MTA Chairman Joe Lhota resigned on Friday, barely 18 months into his second stint on the job.
Gov. Andrew Cuomo named Lhota MTA chairman in June 2017, a return to the role he left for the first time in 2013 to mount an unsuccessful bid for mayor of New York City.
Lhota was widely credited with cleaning up dirty stations and responding quickly to Sandy-damaged tunnels in the fall of 2012, during his first stint leading the agency.
This go-around, though, he has been under constant pressure over the condition of the subway system, the performance of the Long Island Rail Road and the financing for the agency's future needs.
In particular, from almost his first day on the job he sparred publicly with Mayor Bill de Blasio over who was responsible for fixing the subway system and how much the city was obligated to contribute to the costs.
But Lhota has touted the MTA's improvements over his tenure; subway delays hit a three-year low in September.
He said in a statement Friday, "I volunteered to become MTA chairman with the sole purpose of halting the decline of service and stabilizing the system for my fellow New Yorkers. The Subway Action Plan was developed in my first month at the MTA and it has successfully arrested the subway's decline."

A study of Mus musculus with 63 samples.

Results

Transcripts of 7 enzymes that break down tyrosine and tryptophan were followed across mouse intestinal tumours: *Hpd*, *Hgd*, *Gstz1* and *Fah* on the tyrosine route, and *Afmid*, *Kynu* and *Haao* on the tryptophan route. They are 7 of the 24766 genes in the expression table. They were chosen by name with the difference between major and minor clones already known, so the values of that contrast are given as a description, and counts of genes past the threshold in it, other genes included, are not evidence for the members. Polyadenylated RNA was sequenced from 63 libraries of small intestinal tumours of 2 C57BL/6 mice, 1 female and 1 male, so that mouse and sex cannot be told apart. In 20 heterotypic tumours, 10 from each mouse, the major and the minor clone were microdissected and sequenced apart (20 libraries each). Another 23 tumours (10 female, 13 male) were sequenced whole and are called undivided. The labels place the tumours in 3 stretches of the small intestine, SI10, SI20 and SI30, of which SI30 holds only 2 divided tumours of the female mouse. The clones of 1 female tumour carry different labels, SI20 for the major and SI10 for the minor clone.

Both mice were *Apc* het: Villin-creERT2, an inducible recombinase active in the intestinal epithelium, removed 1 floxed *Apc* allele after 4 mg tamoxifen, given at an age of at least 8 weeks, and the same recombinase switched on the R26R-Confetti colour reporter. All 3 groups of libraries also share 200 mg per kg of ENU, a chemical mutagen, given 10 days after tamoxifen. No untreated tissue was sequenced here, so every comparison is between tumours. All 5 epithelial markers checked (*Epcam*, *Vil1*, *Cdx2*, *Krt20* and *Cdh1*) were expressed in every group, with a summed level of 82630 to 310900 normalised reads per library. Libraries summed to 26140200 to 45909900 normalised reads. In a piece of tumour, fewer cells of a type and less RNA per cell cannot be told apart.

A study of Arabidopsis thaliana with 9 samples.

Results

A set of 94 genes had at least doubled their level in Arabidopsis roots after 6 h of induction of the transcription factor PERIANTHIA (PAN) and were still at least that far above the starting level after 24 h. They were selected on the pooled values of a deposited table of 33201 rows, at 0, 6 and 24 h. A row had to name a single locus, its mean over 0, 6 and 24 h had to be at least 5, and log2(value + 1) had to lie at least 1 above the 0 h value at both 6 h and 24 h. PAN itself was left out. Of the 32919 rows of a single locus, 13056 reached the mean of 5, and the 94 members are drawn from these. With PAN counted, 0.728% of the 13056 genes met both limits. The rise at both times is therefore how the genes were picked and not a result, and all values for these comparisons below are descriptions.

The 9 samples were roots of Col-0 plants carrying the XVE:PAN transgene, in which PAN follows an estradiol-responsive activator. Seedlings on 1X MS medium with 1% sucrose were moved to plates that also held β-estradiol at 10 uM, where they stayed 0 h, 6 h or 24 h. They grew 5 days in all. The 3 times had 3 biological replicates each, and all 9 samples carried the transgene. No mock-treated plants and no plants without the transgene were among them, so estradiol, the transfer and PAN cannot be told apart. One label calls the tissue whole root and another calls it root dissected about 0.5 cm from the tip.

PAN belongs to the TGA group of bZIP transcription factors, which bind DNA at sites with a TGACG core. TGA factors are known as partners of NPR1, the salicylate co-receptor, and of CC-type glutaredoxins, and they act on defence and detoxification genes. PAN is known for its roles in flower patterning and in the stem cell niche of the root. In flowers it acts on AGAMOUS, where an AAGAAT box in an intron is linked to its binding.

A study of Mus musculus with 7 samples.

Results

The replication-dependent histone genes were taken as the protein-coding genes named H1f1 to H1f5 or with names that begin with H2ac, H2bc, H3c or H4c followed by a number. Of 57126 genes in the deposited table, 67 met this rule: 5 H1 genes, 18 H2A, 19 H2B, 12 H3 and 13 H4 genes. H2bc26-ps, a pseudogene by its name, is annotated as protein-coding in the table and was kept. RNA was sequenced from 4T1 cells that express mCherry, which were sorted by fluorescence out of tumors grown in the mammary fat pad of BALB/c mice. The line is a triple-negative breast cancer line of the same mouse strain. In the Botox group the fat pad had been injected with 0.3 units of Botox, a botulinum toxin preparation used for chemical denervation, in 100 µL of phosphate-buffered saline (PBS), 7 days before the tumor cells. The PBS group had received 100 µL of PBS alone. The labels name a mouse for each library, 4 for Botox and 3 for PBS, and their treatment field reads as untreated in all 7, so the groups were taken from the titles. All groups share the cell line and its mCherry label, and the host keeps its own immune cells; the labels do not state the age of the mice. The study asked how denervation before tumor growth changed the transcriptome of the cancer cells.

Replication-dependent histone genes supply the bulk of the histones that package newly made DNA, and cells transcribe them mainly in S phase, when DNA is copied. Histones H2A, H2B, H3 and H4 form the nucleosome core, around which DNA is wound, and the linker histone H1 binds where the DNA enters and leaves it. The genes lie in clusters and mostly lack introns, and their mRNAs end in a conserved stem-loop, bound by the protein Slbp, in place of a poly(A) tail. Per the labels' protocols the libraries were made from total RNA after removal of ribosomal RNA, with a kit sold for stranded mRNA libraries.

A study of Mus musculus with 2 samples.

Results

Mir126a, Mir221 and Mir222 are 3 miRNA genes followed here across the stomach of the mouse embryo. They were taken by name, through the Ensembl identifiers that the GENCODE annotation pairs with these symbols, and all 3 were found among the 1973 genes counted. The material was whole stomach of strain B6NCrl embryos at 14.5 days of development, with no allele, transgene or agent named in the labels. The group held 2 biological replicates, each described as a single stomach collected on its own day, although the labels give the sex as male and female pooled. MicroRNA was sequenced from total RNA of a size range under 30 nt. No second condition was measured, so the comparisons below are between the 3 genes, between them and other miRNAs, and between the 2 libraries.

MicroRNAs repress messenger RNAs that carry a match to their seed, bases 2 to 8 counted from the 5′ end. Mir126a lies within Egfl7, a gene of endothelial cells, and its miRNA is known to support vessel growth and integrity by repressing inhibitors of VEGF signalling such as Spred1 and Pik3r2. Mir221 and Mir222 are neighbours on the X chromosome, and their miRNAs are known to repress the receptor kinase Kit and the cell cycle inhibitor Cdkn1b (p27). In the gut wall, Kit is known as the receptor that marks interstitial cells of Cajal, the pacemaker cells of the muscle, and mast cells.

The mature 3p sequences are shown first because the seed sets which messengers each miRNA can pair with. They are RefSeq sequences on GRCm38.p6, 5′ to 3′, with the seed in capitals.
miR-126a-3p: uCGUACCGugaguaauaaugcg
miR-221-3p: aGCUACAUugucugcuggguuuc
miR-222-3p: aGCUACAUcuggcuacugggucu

Even as he held the MTA job, Lhota also retained his position as chief of staff at NYU Langone Health.
MTA leadership sent a letter to staff members Friday morning following Llhota's resignation. The letter reads in part: "We are extremely grateful for the steady leadership he provided during his tenure."
The letter added, "While Joe may be departing – our relentless focus on our customers remains unchanged."
MTA's acting chairman Freddy Ferrer said Cuomo shouldn't be in a rush to replace Lhota.
"I would urge the governor to take his time," he told News 4. "This is one of the most important appointments he will make, ever. This is the most important transportation organization on planet Earth. It's important that we get it right."